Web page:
Angry NetJets Pilots Protest Corporate Greed at Art Basel in Miami Beach
A labor dispute involving the longtime sponsor puts a blot on the big fair's opening.
Inside the Miami Beach Convention Center, the mood was upbeat during the opening day of Art Basel in Miami Beach. Outside, however, it was a different matter, as dozens of uniformed pilots protested the fair’s longtime sponsor NetJets.
Though their demeanor was restrained and even jovial, their signs were blunt: “Hands Off Our Benefits” and “Management Greed Is Destroying NetJets.” According to organizers, about 65 pilots and a handful of flight attendants came out over the course of Wednesday to protest at the fair’s entrance. They planned to return throughout the week.
“NetJets has a booth here and they do an event for NetJets customers, so this is a good environment to get our message out,” union representative Pedro LeRoux explained. “We’ve actually had a lot of NetJets customers stop by and talk to us who were unaware of the labor issues.”
Relations between NetJets and its workers have been tense for over a year. Despite being profitable, NetJets is seeking to trim 5 percent from its budget through concessions and shrinking its workforce, in the hopes of generating increased returns for Berkshire Hathaway, the Warren Buffet conglomerate that owns the jet-sharing company.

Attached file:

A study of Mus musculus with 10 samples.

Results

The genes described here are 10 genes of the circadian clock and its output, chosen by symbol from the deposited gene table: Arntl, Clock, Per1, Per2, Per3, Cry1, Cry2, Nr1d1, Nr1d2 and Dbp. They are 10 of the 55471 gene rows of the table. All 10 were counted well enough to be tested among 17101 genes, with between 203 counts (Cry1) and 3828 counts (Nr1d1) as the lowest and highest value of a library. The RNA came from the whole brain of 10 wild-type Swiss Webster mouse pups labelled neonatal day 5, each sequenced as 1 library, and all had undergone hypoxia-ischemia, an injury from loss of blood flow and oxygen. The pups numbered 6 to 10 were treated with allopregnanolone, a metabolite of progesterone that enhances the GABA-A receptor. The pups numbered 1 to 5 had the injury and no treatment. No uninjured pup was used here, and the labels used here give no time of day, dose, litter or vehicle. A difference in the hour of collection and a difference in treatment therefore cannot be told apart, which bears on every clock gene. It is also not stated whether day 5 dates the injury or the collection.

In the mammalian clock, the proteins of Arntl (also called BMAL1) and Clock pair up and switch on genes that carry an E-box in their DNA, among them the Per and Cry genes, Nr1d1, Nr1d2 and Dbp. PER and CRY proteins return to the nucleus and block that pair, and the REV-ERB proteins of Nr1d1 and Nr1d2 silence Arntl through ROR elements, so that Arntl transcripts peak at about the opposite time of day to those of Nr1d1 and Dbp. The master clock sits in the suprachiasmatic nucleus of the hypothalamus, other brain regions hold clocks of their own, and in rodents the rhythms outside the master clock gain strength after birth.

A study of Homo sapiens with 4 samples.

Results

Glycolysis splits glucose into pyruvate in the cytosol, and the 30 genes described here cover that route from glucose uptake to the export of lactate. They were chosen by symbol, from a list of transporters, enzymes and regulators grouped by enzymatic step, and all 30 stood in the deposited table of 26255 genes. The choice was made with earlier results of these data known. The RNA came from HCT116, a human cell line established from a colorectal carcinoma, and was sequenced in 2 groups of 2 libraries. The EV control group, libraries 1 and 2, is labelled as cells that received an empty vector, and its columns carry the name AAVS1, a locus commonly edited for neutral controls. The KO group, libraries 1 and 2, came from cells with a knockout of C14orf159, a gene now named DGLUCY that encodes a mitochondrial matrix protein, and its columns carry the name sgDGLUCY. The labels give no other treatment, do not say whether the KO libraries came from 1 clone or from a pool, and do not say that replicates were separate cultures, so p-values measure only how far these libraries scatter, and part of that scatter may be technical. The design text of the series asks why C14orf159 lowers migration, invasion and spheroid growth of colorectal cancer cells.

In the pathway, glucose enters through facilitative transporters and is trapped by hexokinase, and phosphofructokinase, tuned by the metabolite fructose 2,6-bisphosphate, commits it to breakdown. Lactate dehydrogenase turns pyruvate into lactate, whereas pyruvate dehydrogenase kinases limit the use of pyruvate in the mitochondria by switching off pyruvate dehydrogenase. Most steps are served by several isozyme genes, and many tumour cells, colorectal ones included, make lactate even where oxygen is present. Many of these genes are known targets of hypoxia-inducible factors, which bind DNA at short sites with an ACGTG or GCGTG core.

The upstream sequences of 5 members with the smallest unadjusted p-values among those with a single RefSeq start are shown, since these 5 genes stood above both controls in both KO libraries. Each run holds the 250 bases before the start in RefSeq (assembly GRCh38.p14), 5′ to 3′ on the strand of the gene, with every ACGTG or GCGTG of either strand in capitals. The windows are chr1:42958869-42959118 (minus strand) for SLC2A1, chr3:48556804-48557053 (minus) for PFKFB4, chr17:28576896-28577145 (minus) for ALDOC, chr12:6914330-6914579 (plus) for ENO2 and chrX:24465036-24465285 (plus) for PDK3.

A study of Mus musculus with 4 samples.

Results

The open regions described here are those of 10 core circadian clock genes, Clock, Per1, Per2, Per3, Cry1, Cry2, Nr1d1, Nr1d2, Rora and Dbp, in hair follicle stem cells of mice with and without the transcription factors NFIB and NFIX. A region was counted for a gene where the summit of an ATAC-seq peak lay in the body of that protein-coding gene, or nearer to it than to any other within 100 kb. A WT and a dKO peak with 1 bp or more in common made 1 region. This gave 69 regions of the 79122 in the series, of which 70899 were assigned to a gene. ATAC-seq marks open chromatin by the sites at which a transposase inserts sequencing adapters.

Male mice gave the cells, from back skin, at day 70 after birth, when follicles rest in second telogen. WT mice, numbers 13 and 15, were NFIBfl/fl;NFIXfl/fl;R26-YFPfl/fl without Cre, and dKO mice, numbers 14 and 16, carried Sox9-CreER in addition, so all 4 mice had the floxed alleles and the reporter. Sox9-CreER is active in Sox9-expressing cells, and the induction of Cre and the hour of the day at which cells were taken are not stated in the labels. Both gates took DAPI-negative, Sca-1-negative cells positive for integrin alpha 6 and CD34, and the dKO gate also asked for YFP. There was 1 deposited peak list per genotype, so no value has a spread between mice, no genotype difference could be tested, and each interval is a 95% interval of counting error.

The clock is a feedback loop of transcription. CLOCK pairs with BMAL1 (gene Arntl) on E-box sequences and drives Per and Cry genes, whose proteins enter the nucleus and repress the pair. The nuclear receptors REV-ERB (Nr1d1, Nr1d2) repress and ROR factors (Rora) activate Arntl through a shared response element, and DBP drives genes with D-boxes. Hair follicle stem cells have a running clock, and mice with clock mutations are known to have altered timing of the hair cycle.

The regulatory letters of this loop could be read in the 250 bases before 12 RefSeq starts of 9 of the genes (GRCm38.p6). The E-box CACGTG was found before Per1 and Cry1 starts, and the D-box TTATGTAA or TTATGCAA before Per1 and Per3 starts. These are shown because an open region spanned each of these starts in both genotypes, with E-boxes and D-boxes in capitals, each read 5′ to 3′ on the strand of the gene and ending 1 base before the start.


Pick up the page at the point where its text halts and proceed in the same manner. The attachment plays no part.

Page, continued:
“We fly some of the wealthiest people around, and we are owned by Warren Buffet, one of the wealthiest individuals on the planet,” LeRoux said, when asked what the pilots’ message to fairgoers was. “We just want them to know what they [Buffet and NetJets CEO Jordan Hansell] are doing to the average American, with the cuts we are expected to take.”
NetJets, for its part, has issued a statement accusing the pilots of attempting to destroy the company’s brand rather than negotiating.
In addition to the picket at Art Basel in Miami Beach, the organization representing 2,700 NetJets pilots has just issued a lawsuit against NetJets, alleging that the company waged a campaign of dirty tricks including “impersonating a pilot on Twitter” and “illegally infiltrating a password-protected, confidential message board for pilots,” according to Reuters.
For more information about the pilot’s demands, LaRoux directed people to visit http://www.genuineqs.com/.